Final 3 Uighur prisoners moved from U.S. military prison at Guantanamo Bay
The United States has transferred three Uighur Muslim detainees to Slovakia from the military prison at Guantanamo Bay, Cuba, American officials said on Tuesday.
They were the last members of the ethnic minority from China held in the prison.
The trio had languished at Guantanamo for more than a decade since their capture in Pakistan after the Sept. 11, 2001, attacks — despite military assessments they had no ties to al-Qaida or the Taliban.
In 2008, a federal judge ruled that the Uighurs were being held unlawfully and ordered their release. Their transfer was delayed by repeated legal wrangling and attempts to find a country willing to accept them.
The Pentagon described the transfer as a “significant milestone.” Eight other prisoners have been moved from the controversial detention facility since August, including two Saudis and two Algerians who returned to their countries earlier this month. An additional 155 detainees remain.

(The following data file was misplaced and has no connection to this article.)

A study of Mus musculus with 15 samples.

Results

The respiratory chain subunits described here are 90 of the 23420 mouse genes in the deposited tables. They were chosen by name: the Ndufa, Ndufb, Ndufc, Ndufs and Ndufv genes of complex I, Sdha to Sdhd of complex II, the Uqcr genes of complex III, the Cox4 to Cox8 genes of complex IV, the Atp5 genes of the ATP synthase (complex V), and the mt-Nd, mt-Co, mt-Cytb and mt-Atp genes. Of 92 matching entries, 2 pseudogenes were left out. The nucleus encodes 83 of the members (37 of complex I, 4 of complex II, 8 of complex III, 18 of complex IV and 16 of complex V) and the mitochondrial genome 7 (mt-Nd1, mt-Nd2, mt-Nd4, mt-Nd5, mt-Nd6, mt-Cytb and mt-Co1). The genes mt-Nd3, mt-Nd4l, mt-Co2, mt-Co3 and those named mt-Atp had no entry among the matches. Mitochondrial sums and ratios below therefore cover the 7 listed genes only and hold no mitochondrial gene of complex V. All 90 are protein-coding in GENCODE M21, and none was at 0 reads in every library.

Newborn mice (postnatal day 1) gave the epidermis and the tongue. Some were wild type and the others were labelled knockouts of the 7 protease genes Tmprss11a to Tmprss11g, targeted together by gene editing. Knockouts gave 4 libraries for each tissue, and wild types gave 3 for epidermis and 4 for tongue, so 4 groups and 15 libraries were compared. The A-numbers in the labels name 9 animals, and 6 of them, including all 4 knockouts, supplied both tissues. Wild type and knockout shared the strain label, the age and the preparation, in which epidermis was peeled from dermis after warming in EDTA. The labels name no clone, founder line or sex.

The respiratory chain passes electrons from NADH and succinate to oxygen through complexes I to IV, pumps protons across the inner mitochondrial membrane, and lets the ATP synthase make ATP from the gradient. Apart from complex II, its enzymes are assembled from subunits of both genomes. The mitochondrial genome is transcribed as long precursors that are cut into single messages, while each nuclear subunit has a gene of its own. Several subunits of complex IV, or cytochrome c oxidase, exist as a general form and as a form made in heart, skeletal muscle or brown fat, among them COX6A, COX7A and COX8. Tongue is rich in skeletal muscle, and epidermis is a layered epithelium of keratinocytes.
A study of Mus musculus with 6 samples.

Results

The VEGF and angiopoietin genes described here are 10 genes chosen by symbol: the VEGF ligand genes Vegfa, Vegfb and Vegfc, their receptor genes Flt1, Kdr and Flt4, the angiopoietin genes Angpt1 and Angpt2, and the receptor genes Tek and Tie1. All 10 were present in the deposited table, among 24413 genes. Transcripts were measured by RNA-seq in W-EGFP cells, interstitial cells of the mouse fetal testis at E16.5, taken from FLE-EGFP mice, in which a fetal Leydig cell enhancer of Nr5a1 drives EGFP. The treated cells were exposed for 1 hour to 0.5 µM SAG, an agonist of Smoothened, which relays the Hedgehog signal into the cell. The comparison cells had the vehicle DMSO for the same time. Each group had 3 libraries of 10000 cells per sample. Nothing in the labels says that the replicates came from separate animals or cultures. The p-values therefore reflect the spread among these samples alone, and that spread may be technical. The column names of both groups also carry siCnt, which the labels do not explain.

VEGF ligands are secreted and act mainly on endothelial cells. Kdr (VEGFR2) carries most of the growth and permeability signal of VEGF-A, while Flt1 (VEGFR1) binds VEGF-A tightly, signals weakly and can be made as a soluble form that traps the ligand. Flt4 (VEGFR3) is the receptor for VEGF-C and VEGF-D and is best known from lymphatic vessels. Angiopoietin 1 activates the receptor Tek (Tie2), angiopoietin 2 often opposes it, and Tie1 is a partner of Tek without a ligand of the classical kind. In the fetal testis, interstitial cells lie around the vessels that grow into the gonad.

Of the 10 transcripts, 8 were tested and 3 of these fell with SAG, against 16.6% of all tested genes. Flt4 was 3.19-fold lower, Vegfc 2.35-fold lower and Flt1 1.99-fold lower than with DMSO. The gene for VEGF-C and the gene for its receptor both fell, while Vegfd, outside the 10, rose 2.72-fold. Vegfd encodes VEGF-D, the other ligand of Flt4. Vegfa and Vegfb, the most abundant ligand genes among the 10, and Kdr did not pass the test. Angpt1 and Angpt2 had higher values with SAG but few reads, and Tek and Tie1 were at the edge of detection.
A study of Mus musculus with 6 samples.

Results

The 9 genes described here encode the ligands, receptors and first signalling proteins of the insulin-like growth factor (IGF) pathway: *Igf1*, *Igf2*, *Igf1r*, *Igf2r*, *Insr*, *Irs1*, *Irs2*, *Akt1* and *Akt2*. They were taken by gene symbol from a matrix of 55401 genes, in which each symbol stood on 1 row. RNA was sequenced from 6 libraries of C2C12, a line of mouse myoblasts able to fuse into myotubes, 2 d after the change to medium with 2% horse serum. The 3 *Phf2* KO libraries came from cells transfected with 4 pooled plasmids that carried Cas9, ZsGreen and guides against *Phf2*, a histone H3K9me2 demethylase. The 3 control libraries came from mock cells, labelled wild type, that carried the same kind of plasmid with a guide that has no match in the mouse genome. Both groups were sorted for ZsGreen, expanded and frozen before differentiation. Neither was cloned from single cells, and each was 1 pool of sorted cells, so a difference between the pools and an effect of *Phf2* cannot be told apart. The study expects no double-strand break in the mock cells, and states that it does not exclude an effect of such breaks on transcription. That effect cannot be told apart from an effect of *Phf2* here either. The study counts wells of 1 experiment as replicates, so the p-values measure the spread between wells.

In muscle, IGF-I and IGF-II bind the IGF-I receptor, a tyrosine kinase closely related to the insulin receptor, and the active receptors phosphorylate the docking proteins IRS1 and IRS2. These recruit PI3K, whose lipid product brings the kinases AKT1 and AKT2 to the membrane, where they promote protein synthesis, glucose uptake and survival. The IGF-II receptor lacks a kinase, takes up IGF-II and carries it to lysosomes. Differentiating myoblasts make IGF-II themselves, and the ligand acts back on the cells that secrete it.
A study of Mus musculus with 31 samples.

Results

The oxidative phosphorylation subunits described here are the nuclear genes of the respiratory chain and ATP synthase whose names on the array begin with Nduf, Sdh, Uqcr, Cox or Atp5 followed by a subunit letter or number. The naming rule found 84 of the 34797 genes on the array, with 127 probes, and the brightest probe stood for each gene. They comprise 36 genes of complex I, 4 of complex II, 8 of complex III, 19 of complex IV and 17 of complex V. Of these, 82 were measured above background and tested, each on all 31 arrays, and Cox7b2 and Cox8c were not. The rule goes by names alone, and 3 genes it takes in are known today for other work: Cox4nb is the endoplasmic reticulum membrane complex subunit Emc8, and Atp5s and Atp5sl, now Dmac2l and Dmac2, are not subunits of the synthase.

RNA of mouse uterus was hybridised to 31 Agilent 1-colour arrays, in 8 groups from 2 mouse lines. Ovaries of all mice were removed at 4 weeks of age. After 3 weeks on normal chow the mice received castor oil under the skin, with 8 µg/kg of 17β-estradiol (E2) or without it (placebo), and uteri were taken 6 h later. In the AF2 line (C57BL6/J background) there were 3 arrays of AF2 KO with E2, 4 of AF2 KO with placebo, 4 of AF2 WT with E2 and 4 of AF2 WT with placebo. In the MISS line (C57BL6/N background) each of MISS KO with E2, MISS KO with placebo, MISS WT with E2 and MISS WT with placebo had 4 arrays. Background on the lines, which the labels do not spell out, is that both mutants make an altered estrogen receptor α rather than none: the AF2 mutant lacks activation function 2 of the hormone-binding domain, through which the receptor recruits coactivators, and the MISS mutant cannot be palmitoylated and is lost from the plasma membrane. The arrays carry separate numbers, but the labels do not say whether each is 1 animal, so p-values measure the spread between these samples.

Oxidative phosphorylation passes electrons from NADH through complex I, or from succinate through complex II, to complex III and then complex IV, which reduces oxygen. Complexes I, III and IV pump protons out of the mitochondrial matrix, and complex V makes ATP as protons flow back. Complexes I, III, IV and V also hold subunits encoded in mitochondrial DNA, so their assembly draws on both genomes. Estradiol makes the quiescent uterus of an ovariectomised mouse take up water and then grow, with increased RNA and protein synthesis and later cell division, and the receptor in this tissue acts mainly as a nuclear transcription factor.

President Obama last week reaffirmed his commitment to shutter the prison at Guantanamo, despite resistance from Republican lawmakers.
“The continued operation of the facility weakens our national security by draining resources, damaging our relationships with key allies and partners and emboldening violent extremists,” he said.
Returning the detainees to China was not an option for the United States because of fears that they might be treated harshly. A senior military official said the Chinese have put tremendous pressure on countries in an effort to stop them from taking any Uighurs.